On studying in China
Later this afternoon I leave for the People’s Republic to start my first of two semesters at Peking University, close to Beijing’s beautiful Summer Palace in the northwest. While I like to kid that I look forward most of all to the food, I will also enjoy the opportunity to study and learn about China. But coming to China from Europe, where you cannot help but be exposed to all sorts of stereotypes, assumptions, and truisms, it might be healthy to reflect a bit on how exactly I will study there before I leave.
The image of China presented in Western media and popular international affairs publications certainly is not a cartoon, if you look at the coverage as a whole. However, a more shallow reading of only the main articles would in fact give you something closer to a caricature. Since most people are not hoping to be China experts, it is this reading that exerts most influence on the general view of China. On top of that, the current administration in China is bolstering its ideological opposition to the West, most clearly expressed in Document №9’s fear of ‘Western values’. This makes it very easy — even for those who think they are more informed than average — to slide into an antagonistic mindset and see things only in terms of freedom versus oppression.
Do not get me wrong, I do think that some important values are being challenged and I know clearly for which values I would fight. However, it would be incredibly stupid to go to China with only a black-and-white view. It would close your mind. It would go against the real complexity that exists in China. Because there is much more nuance than either Foreign Affairs or Global Times want to admit. Real progress is being made, honest officials are genuinely fighting for a better tomorrow. Moreover, dismissing all Chinese views as party propaganda ignores that in fact the academic mood in China is not just organised top-down: it consists of genuinely held believes, part of which in fact predate the founding of the PRC.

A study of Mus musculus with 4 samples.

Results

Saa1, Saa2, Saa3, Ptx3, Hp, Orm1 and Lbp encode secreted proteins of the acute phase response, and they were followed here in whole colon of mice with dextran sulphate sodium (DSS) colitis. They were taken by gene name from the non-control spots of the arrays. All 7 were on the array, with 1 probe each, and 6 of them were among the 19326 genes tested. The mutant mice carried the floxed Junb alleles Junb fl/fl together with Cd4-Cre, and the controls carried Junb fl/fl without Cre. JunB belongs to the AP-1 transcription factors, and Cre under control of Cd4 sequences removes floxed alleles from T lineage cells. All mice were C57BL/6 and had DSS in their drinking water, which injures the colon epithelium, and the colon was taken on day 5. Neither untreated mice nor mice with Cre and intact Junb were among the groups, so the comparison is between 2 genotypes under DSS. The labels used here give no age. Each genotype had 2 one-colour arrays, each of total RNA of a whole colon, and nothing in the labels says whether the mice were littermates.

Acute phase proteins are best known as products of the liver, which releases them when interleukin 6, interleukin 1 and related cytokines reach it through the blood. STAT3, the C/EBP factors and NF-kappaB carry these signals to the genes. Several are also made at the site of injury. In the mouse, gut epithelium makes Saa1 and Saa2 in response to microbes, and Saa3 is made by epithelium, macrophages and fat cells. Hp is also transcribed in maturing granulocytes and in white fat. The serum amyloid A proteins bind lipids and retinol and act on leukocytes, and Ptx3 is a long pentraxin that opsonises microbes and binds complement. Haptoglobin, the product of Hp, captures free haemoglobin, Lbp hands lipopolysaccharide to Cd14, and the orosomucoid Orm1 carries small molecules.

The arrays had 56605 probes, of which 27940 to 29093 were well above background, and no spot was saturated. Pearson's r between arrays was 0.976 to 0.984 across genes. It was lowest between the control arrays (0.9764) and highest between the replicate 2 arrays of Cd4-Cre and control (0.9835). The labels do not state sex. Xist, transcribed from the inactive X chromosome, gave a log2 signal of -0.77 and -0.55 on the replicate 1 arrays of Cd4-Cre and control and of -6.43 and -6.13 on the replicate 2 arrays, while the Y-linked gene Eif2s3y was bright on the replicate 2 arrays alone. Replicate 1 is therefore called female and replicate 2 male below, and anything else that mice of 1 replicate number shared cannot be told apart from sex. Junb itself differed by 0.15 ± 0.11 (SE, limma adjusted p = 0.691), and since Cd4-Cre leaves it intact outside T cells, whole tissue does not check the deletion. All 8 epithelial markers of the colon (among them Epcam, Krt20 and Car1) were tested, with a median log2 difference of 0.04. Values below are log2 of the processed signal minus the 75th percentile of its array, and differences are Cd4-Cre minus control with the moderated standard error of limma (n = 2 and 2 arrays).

Furthermore, it is important to remember that you come to China not as a missionary, but as a student. You come to China to learn. There is something rather colonial about the idea that there exists this huge multitude of hapless people that wait for the ‘good news’ to liberate them from their slumber. Even if the Great Firewall were to come down, you should not expect that suddenly all Chinese would convert en masse to Western-style liberal democracy. As recent episodes suggest, they might even flood Facebook to convince us of their ‘good news’. To make things easier for those people, I will visit them shortly.
Originally published at Sense Hofstede.